January 8 ... on This Day ...

On this day in 1994 Tonya Harding won the ladies' U.S. Figure Skating Championship in Detroit, MI.

Sounds unremarkable as a piece of historic news right? In fact, it was part of a one of the most nefarious stories in sporting history. Tonya Harding’s main rival for the championship was existing title holder Nancy Kerrigan, from Massachusetts. Kerrigan was forced to withdraw from the competition when after a practice session she was injured in an attack.

On January 6, in what was to become known as “the whack that was heard around the world”, Shane Stant clubbed Nancy Kerrigan in the right knee with a police baton. Unfortunately for the perpetrator the event was caught on camera and the footage was shown around the world.

The video enabled the villain to be apprehended and it emerged the assault had been planned by Tonya Harding’s ex-husband Jeff Gillooly and friend Shawn Eckhardt. Harding had wanted the attack to make Kerrigan unable to compete for the USA at the Winter Olympics to be held in Lillehammer in February. Luckily for Kerrigan, she managed to recover sufficiently to skate and compete and won the silver medal. Harding finished eighth.

The event caused a media frenzy like ice skating had never seen – even more so than Torvill and Dean’s perfect scores for The Bolero en years previous. Indeed The tape-delayed broadcast of the short program at the Olympics remains one of the most watched telecasts in American history.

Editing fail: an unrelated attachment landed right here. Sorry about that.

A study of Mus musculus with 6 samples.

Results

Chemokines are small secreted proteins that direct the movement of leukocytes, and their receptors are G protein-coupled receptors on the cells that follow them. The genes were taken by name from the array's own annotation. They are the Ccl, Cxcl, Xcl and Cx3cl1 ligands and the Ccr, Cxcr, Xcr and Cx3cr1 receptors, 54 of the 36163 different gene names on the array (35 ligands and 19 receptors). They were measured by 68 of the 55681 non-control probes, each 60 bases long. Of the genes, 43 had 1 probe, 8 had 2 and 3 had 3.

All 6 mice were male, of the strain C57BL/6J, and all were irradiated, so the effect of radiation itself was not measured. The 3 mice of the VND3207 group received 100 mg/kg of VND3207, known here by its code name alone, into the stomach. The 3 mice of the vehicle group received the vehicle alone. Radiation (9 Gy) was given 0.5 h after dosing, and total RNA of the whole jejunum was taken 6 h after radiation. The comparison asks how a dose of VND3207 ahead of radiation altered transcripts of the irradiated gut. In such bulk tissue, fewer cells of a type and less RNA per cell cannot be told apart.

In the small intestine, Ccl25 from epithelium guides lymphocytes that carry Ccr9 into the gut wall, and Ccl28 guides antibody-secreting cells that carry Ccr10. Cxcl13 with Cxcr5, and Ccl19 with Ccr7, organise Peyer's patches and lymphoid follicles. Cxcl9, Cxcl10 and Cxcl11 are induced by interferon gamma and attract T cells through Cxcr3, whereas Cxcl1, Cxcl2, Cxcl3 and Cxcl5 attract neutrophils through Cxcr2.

Kerrigan greatly profited from the attention through sponsorships, endorsements and other trappings of celebrity. But what happened to the attackers?

On February 1, 1994, Gillooly accepted a plea bargain in exchange for his testimony against Harding. Gillooly, Stant, Eckhardt, and getaway car driver Derrick Smith all served time in prison for the attack.

Harding made a plea bargain and received three years probation, 500 hours of community service, and a $160,000 fine. She was also forced to withdraw from the 1994 World Figure Skating Championships and resign from the USFSA. On June 30, 1994 she was stripped of the title of US Champion and was banned for life from participating in USFSA-run events as either a skater or a coach.
Here’s Nancy Kerrigan’s short program from the 1994 Winter Olympics

Also on this day in:

1675: New York Fishing Company became the first corporation to be chartered in the United States.

1877: Crazy Horse (Tashunca-uitco) and his warriors fought their final battle against the U.S. Cavalry in Montana.

1918: U.S. President Woodrow Wilson announced his Fourteen Points as the basis for peace upon the end of World War I.

1958: Aged just 14, Bobby Fisher won the United States Chess Championship for the first time.

1959: Charles De Gaulle was inaugurated as president of France's Fifth Republic.

1962: Leonardo da Vinci's Mona Lisa was exhibited in America for the first time at the National Gallery of Art in Washington, DC.

1996: France's former and longest serving president, Mitterrand, died

1998: Ramzi Yousef was sentenced to life in prison for his role as mastermind behind the World Trade Center bombing in New York.